Stand by for testing day. But keep in mind: today is only a test.
Two minutes prior to today’s national test of the Emergency Alert System (EAS) test at 2:20 p.m. EDT, the Federal Emergency Management Agency (FEMA) will also initiate the first national test of the Wireless Emergency Alert system (WEA). The WEA portion of the test, which will be sent to consumer cellphones, will begin at 2:18 p.m. EDT.
Both test messages will be transmitted over FEMA’s Integrated Public Alert and Warning System (IPAWS) and both messages will state that these communications are only tests.
As the nation preps for this fourth national test of the EAS, the head of the Public Safety and Homeland Security Bureau at the Federal Communications Commission pointed to the importance of WEA in the nation’s emergency preparedness efforts in an Oct. 2 blog post.
While participating wireless providers are already required to support monthly WEA tests to check their network connections to the IPAWS alerting gateway, Bureau Chief Lisa M. Fowlkes reminded stakeholders that this upcoming nationwide test will be seen by the general public. Beginning May 1, 2019, state and local emergency managers will be able to conduct their own end-to-end Wireless Emergency Alert tests to assess how the service is working within a specific jurisdiction.
As with past national alerts, EAS participants will then be required to report in to the commission with details on how the test fared. FEMA plans to solicit feedback from wireless providers.
And this time around, the commission is requesting feedback from members of the public via an online form.
The FCC also recently took steps in July support more effective local tests of EAS, including adopting procedures for state and local officials to conduct live code tests. These tests, which use the same alert codes and processes as would be used in actual emergencies, can increase the proficiency of local alerting officials while educating the public about how to respond to actual alerts, Fowlkes said.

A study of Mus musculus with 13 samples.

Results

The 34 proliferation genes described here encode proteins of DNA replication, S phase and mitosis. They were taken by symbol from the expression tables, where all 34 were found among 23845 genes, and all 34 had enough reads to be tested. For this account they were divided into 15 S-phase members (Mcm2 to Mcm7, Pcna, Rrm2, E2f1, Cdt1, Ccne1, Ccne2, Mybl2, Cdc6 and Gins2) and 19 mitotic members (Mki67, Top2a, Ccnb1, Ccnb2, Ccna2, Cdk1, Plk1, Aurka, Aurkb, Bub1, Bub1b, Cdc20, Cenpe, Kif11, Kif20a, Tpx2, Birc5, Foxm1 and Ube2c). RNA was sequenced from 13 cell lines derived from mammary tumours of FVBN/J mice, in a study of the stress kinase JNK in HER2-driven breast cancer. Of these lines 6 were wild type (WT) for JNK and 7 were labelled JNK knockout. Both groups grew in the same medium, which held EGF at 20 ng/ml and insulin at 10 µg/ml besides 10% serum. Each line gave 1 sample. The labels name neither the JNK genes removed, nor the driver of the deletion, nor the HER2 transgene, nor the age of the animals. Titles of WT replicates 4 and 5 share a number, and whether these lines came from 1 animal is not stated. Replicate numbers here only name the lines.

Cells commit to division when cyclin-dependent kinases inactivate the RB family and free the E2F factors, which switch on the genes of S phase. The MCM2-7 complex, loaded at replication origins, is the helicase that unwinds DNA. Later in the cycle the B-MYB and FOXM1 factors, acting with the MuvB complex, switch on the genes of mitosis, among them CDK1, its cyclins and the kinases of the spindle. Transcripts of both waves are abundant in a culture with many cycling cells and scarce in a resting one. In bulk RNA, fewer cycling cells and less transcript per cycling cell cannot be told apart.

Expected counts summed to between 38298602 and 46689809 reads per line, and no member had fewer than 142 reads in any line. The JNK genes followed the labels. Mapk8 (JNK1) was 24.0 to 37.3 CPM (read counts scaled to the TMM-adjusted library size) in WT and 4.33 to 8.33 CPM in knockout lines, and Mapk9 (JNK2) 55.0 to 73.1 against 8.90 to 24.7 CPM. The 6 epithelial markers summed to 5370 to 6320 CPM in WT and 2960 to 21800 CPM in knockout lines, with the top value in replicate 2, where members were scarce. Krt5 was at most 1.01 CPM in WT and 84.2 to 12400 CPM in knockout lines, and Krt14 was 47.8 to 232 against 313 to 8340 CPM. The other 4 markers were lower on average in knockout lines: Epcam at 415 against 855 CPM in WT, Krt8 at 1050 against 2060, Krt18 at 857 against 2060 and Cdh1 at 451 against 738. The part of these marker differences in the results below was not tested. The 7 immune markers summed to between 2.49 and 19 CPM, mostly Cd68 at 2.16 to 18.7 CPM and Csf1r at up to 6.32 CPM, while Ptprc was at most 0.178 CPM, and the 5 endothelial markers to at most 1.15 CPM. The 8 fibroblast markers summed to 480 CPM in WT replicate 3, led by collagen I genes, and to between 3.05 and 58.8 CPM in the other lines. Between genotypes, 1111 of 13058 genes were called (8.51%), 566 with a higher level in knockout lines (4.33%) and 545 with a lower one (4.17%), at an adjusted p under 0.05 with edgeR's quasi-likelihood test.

This year’s national EAS test considers the lessons learned from previous emergency alerts — both those that have gone off successfully and those that have not. Earlier this year the FCC convened a range of stakeholders at an emergency alerting roundtable in May to discuss best practices related to emergency alert testing and proficiency training.
“Another way we continue to improve emergency alerting is by sharing lessons learned,” Fowlkes said, pointing to best practice takeaways from the May emergency alerting roundtable. “We look forward to continuing the dialogue with stakeholders as we work together to keep strengthening the nation’s emergency alerting systems.”
Among the key takeaways from that roundtable was agreement that alert originators should establish standard operating procedures and conduct training to ensure staff are able to use EAS and WEA during emergencies, but also to practice how to effectively use other methods of communication — namely social media.
In her blog post, Fowlkes alluded to the limitations of alerting tools when developing comprehensive alerting plan to meet a community’s needs, saying that social media can be a valuable tool in cases such as these.
That has been an ongoing area of contention. In September just ahead of the landing of Hurricane Florence, the Multicultural Media, Telecom and Internet Council pushed for the commission to establish formal practices to help radio and TV stations better communicate with non-English-speaking audiences during emergencies.